HO or H0 is a rail transport modelling scale using a 1:87 scale (3.5 mm to 1 foot). It is the most popular scale of model railway in the world. The rails are spaced 16.5 mm (0.650 in) apart for modelling 1,435 mm (4 ft 8 1⁄2 in) standard gauge tracks and trains in HO.
The name HO comes from 1:87 scale being half that of O scale, which was previously the smallest of the series of older and larger 0, 1, 2 and 3 gauges introduced by Märklin around 1900. In most English-speaking markets it is pronounced “aitch-oh” and written with the letters HO today, but in other markets remains written with the letter H and number 0 (zero), so in German it is pronounced as “hah-null”.
Most modern HO trains run on two-rail track powered by direct current (varying the voltage applied to the rails to change the speed, and polarity to change direction), or by Digital Command Control (DCC) (sending digital commands to a decoder in each locomotive to set the speed, change direction and activate sounds and lights while power comes from the track which is always energised). Other trains, such as those manufactured by Märklin, run on alternating current and use a “third rail” of small protruding studs between the running rails.
On simple, usually temporary layouts, power is supplied by a power pack consisting of a transformer and rectifier (DC), a rheostat for regulating power to the track (and thus train speed), and reversing to control model direction. On permanent layouts, multiple power supplies are traditionally used, with the trackage divided into electrically isolated sections called blocks; toggle or rotary switches (sometimes relays) are used to select which power supply controls the train in a particular block. With the advent of digital command control, block divisions are largely eliminated, as the computerized controllers can control any train anywhere on the track at any time.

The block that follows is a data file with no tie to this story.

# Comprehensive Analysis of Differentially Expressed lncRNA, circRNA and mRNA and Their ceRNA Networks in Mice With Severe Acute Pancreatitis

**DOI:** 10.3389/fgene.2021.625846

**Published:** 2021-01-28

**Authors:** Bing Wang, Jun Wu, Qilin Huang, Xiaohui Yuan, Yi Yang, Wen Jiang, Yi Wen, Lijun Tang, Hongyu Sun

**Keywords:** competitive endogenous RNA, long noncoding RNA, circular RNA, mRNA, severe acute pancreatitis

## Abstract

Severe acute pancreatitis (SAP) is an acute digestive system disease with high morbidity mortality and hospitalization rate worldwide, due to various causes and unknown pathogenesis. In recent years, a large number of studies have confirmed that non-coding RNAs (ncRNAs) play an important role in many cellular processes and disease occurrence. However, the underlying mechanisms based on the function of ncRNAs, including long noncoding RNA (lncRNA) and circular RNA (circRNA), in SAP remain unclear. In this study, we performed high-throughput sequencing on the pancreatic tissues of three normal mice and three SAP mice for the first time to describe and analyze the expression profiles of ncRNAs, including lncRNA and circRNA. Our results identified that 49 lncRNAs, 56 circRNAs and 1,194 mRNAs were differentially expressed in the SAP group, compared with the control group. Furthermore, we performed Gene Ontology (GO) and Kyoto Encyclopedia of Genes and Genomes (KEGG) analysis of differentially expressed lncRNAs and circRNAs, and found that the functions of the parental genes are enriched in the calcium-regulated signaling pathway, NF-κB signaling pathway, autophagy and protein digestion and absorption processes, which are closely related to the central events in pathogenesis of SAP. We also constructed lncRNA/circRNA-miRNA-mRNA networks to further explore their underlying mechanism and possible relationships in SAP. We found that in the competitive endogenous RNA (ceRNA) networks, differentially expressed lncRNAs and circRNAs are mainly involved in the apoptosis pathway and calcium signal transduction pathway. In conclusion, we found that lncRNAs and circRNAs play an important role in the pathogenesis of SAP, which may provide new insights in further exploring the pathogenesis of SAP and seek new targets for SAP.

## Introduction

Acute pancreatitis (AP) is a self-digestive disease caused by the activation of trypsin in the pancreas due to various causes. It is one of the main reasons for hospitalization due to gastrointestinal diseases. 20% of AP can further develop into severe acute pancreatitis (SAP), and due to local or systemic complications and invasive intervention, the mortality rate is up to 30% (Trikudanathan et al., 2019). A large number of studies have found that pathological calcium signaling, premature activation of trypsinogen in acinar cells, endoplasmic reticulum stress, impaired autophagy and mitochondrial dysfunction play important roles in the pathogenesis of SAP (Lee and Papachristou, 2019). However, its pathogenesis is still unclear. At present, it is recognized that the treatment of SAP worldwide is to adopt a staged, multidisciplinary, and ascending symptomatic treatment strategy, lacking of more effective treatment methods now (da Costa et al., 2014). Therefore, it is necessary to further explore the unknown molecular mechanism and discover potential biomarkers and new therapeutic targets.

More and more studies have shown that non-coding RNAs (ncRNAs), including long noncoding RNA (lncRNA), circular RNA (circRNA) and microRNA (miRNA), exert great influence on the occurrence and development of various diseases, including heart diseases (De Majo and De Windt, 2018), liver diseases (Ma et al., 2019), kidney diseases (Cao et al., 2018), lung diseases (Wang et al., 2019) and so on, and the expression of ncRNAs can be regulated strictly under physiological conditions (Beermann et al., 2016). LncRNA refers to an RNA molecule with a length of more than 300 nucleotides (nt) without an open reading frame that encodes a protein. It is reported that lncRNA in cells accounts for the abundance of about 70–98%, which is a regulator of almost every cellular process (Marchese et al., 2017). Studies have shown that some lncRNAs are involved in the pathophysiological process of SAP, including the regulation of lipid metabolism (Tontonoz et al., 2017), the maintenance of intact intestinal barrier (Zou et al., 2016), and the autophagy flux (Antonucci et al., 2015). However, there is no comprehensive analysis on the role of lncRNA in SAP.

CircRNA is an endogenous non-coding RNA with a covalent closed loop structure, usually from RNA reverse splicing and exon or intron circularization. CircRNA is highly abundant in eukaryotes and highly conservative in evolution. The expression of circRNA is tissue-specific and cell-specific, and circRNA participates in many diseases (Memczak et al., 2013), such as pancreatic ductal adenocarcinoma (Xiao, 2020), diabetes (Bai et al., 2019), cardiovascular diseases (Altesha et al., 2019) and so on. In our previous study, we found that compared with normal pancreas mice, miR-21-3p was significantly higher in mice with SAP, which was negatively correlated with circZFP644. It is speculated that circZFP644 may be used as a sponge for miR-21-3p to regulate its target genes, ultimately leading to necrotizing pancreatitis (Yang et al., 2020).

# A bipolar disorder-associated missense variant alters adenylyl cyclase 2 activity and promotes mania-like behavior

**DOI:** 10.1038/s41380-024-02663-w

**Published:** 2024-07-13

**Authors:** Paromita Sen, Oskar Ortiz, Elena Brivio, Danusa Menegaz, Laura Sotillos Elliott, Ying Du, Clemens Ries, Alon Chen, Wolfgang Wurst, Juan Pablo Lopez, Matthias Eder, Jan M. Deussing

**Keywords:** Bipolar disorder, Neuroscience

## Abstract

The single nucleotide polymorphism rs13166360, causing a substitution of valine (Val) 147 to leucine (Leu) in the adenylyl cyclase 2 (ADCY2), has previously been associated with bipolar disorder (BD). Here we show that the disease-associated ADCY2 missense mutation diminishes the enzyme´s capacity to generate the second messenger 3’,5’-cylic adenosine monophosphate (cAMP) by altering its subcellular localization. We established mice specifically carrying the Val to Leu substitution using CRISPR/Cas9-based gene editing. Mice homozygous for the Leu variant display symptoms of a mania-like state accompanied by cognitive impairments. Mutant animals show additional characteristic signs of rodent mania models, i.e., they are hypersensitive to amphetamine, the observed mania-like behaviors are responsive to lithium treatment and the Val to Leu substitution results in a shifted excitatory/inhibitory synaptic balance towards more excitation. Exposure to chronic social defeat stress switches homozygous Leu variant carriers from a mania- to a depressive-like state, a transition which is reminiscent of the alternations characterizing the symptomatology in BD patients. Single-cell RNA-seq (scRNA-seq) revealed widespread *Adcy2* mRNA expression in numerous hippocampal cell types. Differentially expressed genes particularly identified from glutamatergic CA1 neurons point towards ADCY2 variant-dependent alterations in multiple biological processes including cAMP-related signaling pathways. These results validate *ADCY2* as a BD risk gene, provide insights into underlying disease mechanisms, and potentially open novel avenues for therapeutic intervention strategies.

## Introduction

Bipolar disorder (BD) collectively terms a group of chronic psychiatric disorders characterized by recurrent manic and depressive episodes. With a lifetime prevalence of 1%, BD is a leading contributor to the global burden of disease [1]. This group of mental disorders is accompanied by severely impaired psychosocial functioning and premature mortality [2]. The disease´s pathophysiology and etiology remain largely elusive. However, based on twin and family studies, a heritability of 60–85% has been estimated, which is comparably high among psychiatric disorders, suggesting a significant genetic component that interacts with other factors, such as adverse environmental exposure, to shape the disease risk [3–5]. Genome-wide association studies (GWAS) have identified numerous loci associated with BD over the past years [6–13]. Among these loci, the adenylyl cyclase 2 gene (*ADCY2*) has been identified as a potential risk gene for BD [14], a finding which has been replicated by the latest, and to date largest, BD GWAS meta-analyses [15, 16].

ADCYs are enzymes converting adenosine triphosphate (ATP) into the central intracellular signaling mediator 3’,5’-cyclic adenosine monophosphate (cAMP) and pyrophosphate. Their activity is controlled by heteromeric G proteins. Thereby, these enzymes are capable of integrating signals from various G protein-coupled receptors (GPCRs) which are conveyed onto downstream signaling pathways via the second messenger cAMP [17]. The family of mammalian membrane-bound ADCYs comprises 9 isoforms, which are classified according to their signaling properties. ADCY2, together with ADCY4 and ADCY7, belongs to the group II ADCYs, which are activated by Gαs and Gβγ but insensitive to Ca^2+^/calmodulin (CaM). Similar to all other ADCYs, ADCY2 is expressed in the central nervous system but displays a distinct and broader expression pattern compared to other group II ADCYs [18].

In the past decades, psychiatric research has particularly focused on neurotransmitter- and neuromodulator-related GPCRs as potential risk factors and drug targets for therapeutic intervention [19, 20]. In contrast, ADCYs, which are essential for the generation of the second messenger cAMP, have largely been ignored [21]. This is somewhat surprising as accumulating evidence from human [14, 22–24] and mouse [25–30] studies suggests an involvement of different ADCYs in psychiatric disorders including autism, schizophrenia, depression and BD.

HO scale steam locomotives at the N&W RR museum in Crewe, Virginia.
For Europe it is defined in the Normen Europäischer Modellbahnen standard NEM 010 published by MOROP as exactly 1:87. For North America the National Model Railroad Association (NMRA) standard S-1.2 defines HO scale 3.5 mm (0.1378 in) as representing 1 real foot (304.8 mm)—a ratio of 1:87.0857142, usually rounded to 1:87.1. The precise definition of HO or H0 scale varies slightly by country and manufacturer.
HO is the most popular model railroad scale in both continental Europe and North America, whereas OO scale (4 mm:foot or 1:76.2 with 16.5 mm track) is still dominant in Britain. There are some modellers in Great Britain who use HO scale, and the British 1:87 Scale Society was formed in 1994.
Advertising gift of a Mercedes bus in HO
In other hobbies, the term HO is often used more loosely than in railroad modeling. In slot car racing, HO does not denote a precise scale of car, but a general size of track on which the cars can range from 1:87 to approximately 1:64 scale. Small plastic model soldiers are often popularly referred to as HO size if they are close to one inch (25 mm) high, though the actual scale is usually 1:76 or 1:72.
Even in model railroading, the term HO can be stretched. Some British producers have marketed railway accessories such as detail items and figures, as “HO/OO” in an attempt to make them attractive to modelers in either scale. Sometimes the actual scale was OO, sometimes it split the difference (about 1:82). These items may be marketed as HO, especially in the US. In addition, some manufacturers or importers tend to label any small-scale model, regardless of exact scale, as HO scale in order to increase sales to railroad modelers. The sizes of “HO” automobiles, for example, from different manufacturers, can vary greatly.
The “gauge” of a rail system is the distance between the inside edges of the railheads. It is distinct from the concept of “scale”, though the terms are often used interchangeably in rail modelling. “Scale” describes the size of a modeled object relative to its prototype. Prototype rail systems use a variety of track gauges, so several different gauges can be modeled at the same scale.
The gauges used in HO scale are a selection of standard and narrow gauges. The standards for these gauges are defined by the NMRA (in North America) and the NEM (in Continental Europe). While the standards are in practice interchangeable, there are minor differences.